The dawn of a new era for Australian rugby means the country's brightest talent has a new chance to shine in search of Super Rugby AU success and Wallaby gold.
From emerging stars to cross-code converts to players with a point to prove, 71-Test Wallaby Drew Mitchell has had his say on the players to watch during Super Rugby AU.
Mitchell will form part of Nine and Stan Sport's new-look commentary team as Australian rugby embarks on a new era with the free-to-air network and streaming service combination, with a 30-day free trial on offer to fans for a limited time.
A new broadcast deal opens the code to a brand new market, and these are the five players to watch in Super Rugby AU's exciting new era.
The ACT Brumbies fullback shows glimpses of brilliance that are readymade highlight reels - now the challenge is converting those moments into the standard.
Banks has been jostling for the Wallabies' No. 15 jersey with Melbourne Rebels captain Dane Haylett-Petty.
But a concussion will keep Haylett-Petty sidelined for the opening stages of the Super Rugby AU season, giving Banks a chance to stake his claim as the nation's premier fullback.
"It's time for players to step up who have been there or thereabouts for a few years, it's an opportunity for them to cement their positions in that Wallaby jersey," Mitchell said.
"Guys like Tom Banks, he has been in that system for a couple of years. He is definitely capable, but now he has just got to put it all together and cement that 15 jersey.
"It's just about consistency to make sure he is in every game and he is contributing, and he makes his mark on each game.
"He is tremendously talented and we see glimpses of it, we just need to see more. For him, his progression is not for it to be glimpses, it has now got to be the standard of how he plays game in, game out."
Queensland Reds recruit Suliasi Vunivalu seemingly walked away from rugby league at the peak of his powers.
Five seasons with NRL powerhouse Melbourne bore four grand final appearances and two premierships. But he left it all behind and within weeks was training with the Wallabies.
Vunivalu was never going to play in Dave Rennie's side last year, but the fact he was drafted into camp so soon suggests the Wallabies mentor expects big things from the Fijian flyer.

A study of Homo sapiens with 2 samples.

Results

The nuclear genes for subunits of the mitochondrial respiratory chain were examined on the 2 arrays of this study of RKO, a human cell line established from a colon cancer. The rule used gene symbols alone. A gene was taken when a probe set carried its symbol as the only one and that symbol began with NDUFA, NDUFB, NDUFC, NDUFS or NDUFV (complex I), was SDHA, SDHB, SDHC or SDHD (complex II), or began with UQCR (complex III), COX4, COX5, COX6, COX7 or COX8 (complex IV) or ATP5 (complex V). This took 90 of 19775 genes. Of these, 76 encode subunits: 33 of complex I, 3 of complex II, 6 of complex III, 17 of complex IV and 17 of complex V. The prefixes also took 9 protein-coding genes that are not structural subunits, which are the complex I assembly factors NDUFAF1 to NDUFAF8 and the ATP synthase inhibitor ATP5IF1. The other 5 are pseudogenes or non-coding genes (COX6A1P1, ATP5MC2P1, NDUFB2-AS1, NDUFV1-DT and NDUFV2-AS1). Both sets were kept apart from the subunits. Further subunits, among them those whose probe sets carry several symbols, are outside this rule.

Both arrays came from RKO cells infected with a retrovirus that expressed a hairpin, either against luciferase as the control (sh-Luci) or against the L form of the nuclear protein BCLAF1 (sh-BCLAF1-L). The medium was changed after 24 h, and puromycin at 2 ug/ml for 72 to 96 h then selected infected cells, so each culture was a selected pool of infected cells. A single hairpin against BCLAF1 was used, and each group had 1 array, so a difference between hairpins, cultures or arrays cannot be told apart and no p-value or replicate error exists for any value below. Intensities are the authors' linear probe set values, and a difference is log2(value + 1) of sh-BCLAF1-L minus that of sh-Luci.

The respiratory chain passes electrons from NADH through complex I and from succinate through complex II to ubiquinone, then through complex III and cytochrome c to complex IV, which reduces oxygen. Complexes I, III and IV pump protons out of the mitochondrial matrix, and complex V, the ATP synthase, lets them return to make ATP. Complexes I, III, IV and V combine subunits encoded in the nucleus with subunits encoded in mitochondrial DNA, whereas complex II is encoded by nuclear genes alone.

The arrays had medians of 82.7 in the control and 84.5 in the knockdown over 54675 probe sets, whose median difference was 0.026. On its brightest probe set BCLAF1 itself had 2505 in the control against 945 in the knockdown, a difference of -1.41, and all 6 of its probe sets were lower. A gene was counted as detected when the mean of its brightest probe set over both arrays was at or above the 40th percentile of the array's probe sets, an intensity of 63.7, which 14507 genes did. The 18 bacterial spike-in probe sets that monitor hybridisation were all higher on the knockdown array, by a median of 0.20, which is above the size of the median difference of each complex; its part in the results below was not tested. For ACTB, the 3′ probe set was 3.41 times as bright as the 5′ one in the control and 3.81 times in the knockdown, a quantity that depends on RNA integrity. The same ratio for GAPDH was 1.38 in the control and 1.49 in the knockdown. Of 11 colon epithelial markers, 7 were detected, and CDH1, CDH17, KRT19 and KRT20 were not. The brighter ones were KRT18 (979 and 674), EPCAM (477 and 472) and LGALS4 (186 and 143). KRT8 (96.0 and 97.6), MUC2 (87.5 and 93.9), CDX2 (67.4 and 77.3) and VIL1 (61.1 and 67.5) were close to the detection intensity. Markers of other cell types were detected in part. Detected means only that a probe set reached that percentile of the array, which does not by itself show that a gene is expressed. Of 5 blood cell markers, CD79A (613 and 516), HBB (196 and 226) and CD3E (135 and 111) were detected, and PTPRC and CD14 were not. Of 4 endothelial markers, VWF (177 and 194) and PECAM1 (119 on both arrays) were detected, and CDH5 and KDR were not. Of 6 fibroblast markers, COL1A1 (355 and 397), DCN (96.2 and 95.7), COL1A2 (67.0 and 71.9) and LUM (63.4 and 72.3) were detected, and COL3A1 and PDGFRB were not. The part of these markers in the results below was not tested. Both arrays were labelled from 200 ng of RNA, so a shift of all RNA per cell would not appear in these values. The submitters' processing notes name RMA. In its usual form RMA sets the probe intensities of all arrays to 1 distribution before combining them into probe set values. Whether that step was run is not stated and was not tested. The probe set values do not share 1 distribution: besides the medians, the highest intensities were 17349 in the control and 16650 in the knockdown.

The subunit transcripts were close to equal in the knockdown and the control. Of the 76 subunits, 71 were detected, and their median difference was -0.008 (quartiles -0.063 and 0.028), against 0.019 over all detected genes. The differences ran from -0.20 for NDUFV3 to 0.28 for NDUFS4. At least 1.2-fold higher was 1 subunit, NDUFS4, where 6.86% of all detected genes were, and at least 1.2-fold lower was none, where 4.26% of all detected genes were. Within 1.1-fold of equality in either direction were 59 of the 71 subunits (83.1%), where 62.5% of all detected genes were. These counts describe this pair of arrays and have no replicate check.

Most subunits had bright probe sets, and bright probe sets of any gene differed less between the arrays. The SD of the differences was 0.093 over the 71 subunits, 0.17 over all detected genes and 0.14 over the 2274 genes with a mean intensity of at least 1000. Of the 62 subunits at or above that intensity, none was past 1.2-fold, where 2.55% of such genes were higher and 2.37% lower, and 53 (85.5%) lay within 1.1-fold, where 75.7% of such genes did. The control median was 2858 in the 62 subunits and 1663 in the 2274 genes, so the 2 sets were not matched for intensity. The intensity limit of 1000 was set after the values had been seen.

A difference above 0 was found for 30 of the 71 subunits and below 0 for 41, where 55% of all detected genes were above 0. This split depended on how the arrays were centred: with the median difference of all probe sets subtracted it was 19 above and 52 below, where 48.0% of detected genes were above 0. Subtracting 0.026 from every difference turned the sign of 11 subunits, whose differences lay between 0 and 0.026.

"We're all looking forward to seeing Vunivalu play, coming across from rugby league up there at the Reds. He's an absolute specimen of an athlete," Mitchell said.
"Hopefully we get to see him in some clean space, but also that aerial work he is capable of. Get him in one-on-ones down in that attacking zone, and just let him soar above some people, it'll be good to watch.
"They were a strong side last year and they're going to be better for it now. Another year for James O'Connor at 10, another season for Tate McDermott to step up and lead with James in the halves.
"They've got the game, they've got the personnel, they've just got to make sure they put it together."
He's the electric 190cm flyer the NSW Waratahs laud as "the best aerial guy in the competition" who looks dangerous with every tough.
But if young gun Mark Nawaqanitawase - that's Nuh-wang-gah-knee-tah-wahzay - has a last name a little tough to wrap your head around, he's happy if you "just call me Mark"
The 20-year-old forms a key part of the Waratahs back line with sublime skills that reflect his Fijian heritage.
Think flick passes, think electric footwork, think the kind of play that will lift Super Rugby fans out of their seat, and that's what you get from Nawaqanitawase.
You might know him already as "Tongan Thor".
This Tongan-born 24-year-old shot to fame as an internet sensation when his schoolboy highlight reels of big hits and barnstorming runs went viral.
The hulking prop tips the scales at 132 kilograms but boasts raw power and pace that saw New Zealand rugby bosses keen to get their hands on him as an Auckland schoolboy.
But he grew up in Tonga supporting the Wallabies and now he plays a key role in both Queensland and Australia's front-row.
The exciting part for those well versed in the arts of the front-row? Tupou's best is yet to come.
A game desperate to capitalise on some free air time before rival codes kick off needs excitement machines - those players that can take the game by the scruff of the neck.
The Western Force may have found one of their own in 20-year-old winger Byron Ralston, who burst onto the scene to score the club's first try in their Super Rugby return last year.
The Force would ultimately go 0-8 in their comeback season but they enter a new year looking far more formidable across the park.
"I was really impressed with Ralston on the wing, the way he goes and gets involved. He doesn't wait for the game to come to him, he takes it on himself," Mitchell said.
"Even [Richard] Kahui was good in that trial. Their four Argentinians [Santiago Medrano, Tomas Lezana, Domingo Miotti and Tomas Cubelli], Tevita Kuridrani, Tom Robertson. They've got some pretty key personnel that have made their squad look a little bit more formidable than last year."